Justice Dept. admits new prosecution mistakes, seeks release of 2 Alaska officials

Justice Dept. admits new mistakes

WASHINGTON — Attorney General Eric Holder has found prosecution missteps in the convictions of two Alaska officials — and has asked they be released from prison.

Holder is asking a federal appeals court to send the cases of former Alaska state representatives Victor Kohring and Peter Kott, back to the trial judge, because prosecutors again failed to turn over key evidence to the defense.

Similar problems negated the conviction of former Sen. Ted Stevens, an Alaska Republican.

In announcing the move Thursday, the Justice Department said it is also asking the appeals court to release the two men on their own recognizance.

The department is not dropping the charges.

“After a careful review of these cases, I have determined that it appears that the department did not provide information that should have been disclosed to the defense,” Holder said in a statement. “When we make mistakes, it is our duty to admit and correct those mistakes.”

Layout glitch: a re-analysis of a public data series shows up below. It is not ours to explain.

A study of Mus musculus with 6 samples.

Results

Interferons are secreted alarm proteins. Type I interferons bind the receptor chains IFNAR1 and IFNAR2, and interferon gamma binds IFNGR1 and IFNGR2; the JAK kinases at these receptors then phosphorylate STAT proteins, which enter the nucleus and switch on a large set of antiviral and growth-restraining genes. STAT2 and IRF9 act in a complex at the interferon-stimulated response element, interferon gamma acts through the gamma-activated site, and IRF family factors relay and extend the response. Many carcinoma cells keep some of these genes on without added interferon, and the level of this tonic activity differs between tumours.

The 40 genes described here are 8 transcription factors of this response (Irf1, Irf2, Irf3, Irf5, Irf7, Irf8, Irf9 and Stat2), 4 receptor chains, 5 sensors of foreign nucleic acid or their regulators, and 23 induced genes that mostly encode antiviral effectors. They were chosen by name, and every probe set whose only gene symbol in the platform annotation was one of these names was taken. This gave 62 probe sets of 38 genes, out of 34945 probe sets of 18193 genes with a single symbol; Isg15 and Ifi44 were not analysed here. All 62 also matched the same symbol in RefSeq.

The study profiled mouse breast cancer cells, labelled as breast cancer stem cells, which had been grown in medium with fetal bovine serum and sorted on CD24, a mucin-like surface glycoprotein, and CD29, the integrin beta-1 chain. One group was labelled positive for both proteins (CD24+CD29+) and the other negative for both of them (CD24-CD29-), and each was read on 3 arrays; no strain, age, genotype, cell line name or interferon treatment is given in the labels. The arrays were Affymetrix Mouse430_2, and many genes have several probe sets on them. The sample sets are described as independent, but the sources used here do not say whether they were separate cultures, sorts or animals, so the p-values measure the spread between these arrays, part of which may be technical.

Kohring was convicted in November 2007 of bribery and extortion-related charges and sentenced in 2008 to 3½ years in prison. Kott was also convicted in 2007 and sentenced to six years in prison.

Thursday’s actions grow out of a review prompted by the problems with the Stevens case.

When Stevens’ conviction was tossed out in April, the attorney general ordered a more extensive review of possible prosecutorial missteps, particularly among the lawyers handling public corruption cases. A judge has separately ordered a second investigation into the conduct of many of the lawyers involved.

Messages left Thursday with attorneys for both Kott and Kohring were not immediately returned.